Talking to employees about performance problems, attendance issues or an upcoming layoff can be awkward and difficult. But there are steps you can take to make those types of conversations easier for you—and your employees.
Leaders are often placed in situations that require difficult conversations. It’s quite common to put off these painful encounters because the outcome may create discomfort, or you aren’t ready to deal with the consequences, but there is a better alternative: Learn how to prepare for difficult conversations and take ‘tried and true’ actions while conducting them.
Tough Talks: Scripts & Strategies for Difficult Employee.
Here are tips to consider:
1. Don’t procrastinate.
The top three reasons managers avoid difficult conversations are concerns about causing stress for the other person, hurting the person’s self-esteem, and upsetting him or her, according to “38 Reasons—The Difficult Conversations Survey,” a 2013 report by Globis Ltd. and PDC Consulting Ltd.
As hard as it is to approach an employee about a performance issue or to break the news of an upcoming layoff, do not put off the inevitable.
The sooner you discuss a performance problem with an employee, the sooner the problem can be rectified. Similarly, there are benefits to notifying employees about an impending layoff as soon as possible after you get the go-ahead from upper management to do so; for example, employees will have more time to prepare, and you’ll give them accurate information—before rumors and misinformation start to circulate.
2. Plan ahead.
Before having a difficult discussion you need to identify your ideal outcome, being able to clarify the issues in an objective way (e.g., being able to describe the problem behavior and provide objective data to support your statements without personally attacking the employee), being prepared to listen (without getting defensive) to what the employee says in response, and creating an action plan to address the issue. You should always use “I” messages and avoiding generalized statements, such as “you always” or “you never.”
When providing negative feedback about performance, be prepared to state the specific problem and, if applicable, ways to rectify it.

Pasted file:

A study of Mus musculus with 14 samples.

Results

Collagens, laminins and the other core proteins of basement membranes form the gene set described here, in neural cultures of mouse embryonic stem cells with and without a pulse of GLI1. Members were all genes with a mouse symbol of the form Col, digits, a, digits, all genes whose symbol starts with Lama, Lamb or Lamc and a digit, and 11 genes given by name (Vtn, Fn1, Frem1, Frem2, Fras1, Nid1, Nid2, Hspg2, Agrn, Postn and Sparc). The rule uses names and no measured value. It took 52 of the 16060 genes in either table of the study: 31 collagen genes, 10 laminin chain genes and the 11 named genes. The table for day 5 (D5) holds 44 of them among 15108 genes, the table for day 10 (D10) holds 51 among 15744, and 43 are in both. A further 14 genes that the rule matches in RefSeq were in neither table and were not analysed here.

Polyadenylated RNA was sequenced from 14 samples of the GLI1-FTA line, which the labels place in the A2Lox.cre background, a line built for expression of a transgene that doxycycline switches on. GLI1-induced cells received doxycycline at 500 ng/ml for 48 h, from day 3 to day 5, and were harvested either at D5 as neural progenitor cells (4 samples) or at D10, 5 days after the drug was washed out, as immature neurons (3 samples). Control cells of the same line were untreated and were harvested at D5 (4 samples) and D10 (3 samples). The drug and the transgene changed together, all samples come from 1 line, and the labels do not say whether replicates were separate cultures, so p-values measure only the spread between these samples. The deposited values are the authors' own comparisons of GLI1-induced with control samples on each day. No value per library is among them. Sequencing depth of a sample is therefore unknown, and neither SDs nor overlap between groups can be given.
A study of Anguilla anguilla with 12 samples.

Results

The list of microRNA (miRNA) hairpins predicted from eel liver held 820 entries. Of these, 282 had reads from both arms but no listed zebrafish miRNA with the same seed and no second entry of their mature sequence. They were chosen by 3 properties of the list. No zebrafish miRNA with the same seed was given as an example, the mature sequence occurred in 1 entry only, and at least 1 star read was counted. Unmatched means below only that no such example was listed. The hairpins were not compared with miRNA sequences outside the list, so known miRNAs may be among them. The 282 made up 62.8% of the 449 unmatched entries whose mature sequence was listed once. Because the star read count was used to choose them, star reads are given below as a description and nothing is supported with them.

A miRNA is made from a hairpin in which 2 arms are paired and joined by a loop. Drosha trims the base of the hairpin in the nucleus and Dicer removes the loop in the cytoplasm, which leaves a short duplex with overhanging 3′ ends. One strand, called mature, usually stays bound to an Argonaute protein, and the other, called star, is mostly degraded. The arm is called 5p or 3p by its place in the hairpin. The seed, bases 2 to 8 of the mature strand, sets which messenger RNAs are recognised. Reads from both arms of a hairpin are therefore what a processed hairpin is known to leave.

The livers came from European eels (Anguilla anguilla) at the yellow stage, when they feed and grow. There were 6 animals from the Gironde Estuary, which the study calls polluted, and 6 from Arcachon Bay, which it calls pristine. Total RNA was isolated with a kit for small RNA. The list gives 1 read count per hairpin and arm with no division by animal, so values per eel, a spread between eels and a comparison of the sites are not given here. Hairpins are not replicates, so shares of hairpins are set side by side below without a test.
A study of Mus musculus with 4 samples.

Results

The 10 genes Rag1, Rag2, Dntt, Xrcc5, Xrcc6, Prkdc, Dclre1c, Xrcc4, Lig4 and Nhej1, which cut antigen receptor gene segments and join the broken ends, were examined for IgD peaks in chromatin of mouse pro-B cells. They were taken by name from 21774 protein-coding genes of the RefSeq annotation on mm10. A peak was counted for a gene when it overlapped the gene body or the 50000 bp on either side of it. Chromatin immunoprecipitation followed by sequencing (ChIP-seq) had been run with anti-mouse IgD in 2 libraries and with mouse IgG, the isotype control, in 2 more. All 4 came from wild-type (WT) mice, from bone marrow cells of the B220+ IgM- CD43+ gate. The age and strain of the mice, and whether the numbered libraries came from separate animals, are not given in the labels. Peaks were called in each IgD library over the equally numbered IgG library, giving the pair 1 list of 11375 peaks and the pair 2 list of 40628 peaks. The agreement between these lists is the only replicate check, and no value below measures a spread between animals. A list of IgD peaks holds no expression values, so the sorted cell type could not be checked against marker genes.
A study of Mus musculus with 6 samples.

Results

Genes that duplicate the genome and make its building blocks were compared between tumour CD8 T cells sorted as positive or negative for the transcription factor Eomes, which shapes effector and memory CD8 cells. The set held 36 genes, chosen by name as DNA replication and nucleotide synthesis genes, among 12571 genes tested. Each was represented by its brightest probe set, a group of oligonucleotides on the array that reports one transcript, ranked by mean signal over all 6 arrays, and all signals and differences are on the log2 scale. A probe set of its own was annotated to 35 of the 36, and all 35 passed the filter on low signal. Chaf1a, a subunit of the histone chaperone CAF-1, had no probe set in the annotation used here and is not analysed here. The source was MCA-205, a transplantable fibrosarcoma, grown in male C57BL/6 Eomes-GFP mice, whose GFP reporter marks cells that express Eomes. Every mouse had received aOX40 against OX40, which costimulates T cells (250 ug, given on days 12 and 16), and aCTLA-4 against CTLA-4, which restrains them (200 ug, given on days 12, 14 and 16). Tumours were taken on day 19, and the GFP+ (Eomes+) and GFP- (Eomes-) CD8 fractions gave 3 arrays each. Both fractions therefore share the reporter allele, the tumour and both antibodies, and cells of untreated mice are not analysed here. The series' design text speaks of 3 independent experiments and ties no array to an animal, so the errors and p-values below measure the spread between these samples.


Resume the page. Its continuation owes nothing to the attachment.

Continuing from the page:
For example, if the problem is attendance, you will need to tell the employee how many times he or she was absent or tardy, remind him or her of your company’s attendance policy, and explain the ramifications of not complying with it.
Learn how to use “positive confrontation” to simultaneously protect yourself and your organization, while treating employees with dignity and boosting your image.
3. Respect privacy.
Meet with the employee in a closed-door office or conference room. It will be easier for the employee to hear negative feedback or bad news in private than in his or her cubicle or an open area, where co-workers are likely to overhear the discussion.
4. Consult with HR.
Under certain circumstances, such as when you plan to terminate or discipline an employee, you should touch base with your human resources department first. HR can help ensure that the termination or other proposed discipline is justified and advise you on what you should (and should not) say during your conversation, so you avoid violating state and federal employment laws.
Most managers would prefer not to have a difficult conversation with an employee, but you can make the process easier by having the conversation in a timely manner before a small problem grows into a larger one—and, likely, leads to an even more difficult conversation.
Planning ahead for what you want to accomplish during the meeting, creating an action plan, respecting the individual’s feelings and privacy, and getting input from HR also can help make difficult conversations easier.